CORVALLIS, Ore. – Richard Waring, professor emeritus in the Oregon State University College of Forestry, is one of three researchers sharing this year’s international Marcus Wallenberg Prize for developing a revolutionary computer model to predict forest growth in a changing climate.
The annual prize, one of the highest honors in the field of forestry, was announced today in Falun, Sweden, and is named for the late Marcus Wallenberg Jr., a banker, industrialist and member of Sweden’s long-influential Wallenberg family.
Waring and co-honorees Joe Landsberg and Nicholas Coops, both of Australia, will each receive 2 million kronor, about $200,000, when they are presented with the prize in October by Swedish King Carl Gustav XVI.
“Dick Waring’s impact on forest science is clear,” said Anthony S. Davis, interim dean of the OSU College of Forestry. “He and his colleagues are well-deserved recipients of this incredible honor. Perhaps the only thing to eclipse his scientific contribution has been his commitment to the students, researchers and colleagues who have worked with him throughout his career. His dedication to their advancement has a cascading, positive impact that continues to grow in scientific accomplishment.”
Waring joined the OSU College of Forestry faculty in 1963 and remained active in forest science teaching and research until 2018. The model created by Waring and his colleagues includes use of satellite imagery to show how different environmental conditions affect the world’s forests.
Established in 1980, the Marcus Wallenberg Prize goes to an individual researcher or a small group of researchers for “a groundbreaking discovery or development in an area of importance to the forest industry,” according to the Marcus Wallenberg Foundation.
The prize’s purpose is to “encourage and stimulate path-breaking scientific achievements which contribute significantly to broadening knowledge and to technical development within the fields of importance to forestry and forest industries.”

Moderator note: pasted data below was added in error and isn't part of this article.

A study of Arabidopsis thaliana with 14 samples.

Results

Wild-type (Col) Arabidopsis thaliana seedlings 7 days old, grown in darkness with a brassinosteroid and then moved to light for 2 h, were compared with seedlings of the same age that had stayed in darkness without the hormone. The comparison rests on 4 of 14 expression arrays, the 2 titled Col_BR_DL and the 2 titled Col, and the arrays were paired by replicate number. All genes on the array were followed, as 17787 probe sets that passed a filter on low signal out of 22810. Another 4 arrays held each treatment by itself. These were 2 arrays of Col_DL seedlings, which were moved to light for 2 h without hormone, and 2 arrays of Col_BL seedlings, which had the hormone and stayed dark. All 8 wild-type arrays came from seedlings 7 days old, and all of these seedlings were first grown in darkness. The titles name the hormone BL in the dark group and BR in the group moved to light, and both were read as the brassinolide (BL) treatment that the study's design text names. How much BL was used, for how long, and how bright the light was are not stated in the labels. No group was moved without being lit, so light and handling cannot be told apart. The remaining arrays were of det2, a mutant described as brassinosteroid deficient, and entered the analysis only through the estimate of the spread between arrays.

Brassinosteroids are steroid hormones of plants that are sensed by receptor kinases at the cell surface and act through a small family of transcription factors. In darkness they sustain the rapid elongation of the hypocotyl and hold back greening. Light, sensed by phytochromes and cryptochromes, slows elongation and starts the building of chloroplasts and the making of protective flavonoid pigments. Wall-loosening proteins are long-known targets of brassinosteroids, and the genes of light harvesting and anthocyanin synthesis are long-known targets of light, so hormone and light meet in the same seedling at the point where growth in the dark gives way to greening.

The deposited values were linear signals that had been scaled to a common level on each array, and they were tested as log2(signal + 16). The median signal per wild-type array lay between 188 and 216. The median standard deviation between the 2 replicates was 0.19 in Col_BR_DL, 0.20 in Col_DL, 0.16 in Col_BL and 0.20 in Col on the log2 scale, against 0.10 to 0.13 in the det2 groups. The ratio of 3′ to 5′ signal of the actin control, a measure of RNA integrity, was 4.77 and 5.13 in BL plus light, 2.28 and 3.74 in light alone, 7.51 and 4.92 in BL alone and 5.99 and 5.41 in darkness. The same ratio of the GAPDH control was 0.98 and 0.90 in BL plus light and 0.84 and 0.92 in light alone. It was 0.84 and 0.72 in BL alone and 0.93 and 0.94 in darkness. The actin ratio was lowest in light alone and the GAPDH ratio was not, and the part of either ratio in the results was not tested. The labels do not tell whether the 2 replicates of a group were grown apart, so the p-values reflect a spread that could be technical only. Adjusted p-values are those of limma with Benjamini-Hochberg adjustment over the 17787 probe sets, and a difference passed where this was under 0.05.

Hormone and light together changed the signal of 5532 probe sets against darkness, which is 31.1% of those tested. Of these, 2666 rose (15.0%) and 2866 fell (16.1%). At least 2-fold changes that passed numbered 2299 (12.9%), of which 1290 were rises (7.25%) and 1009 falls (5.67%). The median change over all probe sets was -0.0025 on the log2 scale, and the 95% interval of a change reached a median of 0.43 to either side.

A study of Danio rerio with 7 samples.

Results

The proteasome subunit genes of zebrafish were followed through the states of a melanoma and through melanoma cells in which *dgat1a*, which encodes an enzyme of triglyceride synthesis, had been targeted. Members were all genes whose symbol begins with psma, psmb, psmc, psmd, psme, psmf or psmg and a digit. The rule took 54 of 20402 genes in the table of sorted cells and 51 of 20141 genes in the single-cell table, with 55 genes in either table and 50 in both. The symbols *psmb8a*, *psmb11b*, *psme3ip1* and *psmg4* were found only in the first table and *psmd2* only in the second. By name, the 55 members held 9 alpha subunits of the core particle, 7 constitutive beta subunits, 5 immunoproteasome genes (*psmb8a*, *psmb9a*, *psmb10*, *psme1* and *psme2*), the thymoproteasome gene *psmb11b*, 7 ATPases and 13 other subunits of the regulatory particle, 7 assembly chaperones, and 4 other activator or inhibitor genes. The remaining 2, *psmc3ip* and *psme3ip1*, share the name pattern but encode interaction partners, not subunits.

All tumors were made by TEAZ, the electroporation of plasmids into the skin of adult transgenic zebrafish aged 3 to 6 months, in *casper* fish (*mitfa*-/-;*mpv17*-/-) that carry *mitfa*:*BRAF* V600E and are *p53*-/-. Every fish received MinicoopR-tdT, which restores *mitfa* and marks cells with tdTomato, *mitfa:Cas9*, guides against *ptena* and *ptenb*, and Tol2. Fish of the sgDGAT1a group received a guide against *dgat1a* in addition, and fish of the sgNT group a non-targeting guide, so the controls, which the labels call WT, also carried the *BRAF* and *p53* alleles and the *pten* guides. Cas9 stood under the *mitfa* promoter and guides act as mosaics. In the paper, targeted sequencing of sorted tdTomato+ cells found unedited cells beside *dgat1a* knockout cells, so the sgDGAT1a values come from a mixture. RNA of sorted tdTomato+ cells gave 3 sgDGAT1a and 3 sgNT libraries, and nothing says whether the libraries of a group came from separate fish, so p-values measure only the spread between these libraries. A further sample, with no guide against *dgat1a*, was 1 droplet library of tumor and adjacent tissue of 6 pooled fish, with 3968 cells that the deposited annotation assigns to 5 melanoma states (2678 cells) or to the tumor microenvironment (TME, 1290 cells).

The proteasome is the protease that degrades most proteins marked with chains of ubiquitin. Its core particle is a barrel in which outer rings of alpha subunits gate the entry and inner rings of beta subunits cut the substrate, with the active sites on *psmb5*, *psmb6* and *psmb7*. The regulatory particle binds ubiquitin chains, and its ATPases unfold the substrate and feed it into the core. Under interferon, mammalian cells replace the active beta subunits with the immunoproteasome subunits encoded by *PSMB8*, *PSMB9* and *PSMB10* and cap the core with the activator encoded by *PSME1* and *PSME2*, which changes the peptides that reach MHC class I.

Waring and Landsberg are pioneers in forest growth modeling under changing environmental conditions. They first presented their 3PG model – Physiological Principles Predicting Growth – in 1997. In 1998, Coops added satellite imagery to the model, enabling large areas of forest to be surveyed and forest growth and carbon storage to be predicted on a greater scale.
“We recognize that apples and oranges both grow on trees that incorporate similar processes,” Waring said. “Their leaves photosynthesize and transpire, and their roots take up nutrients and water. Exactly the same processes operate in Douglas-fir and eucalyptus trees, although the products of photosynthesis may be distributed somewhat differently.
“By the late 1990s, enough was published that we thought a simplified model could be built that could help foresters as well as ecologists predict how stands of a given composition of tree species might respond to changing environments.”
Waring, Landsberg and Coops have allowed researchers and landowners open access to the model, leading to its rapid and widespread adoption, use and improvement.
“That’s exactly how science is supposed to work,” said Waring, noting the model can be applied to a range of tree species around the world, in mixed-species stands, and in monocultures.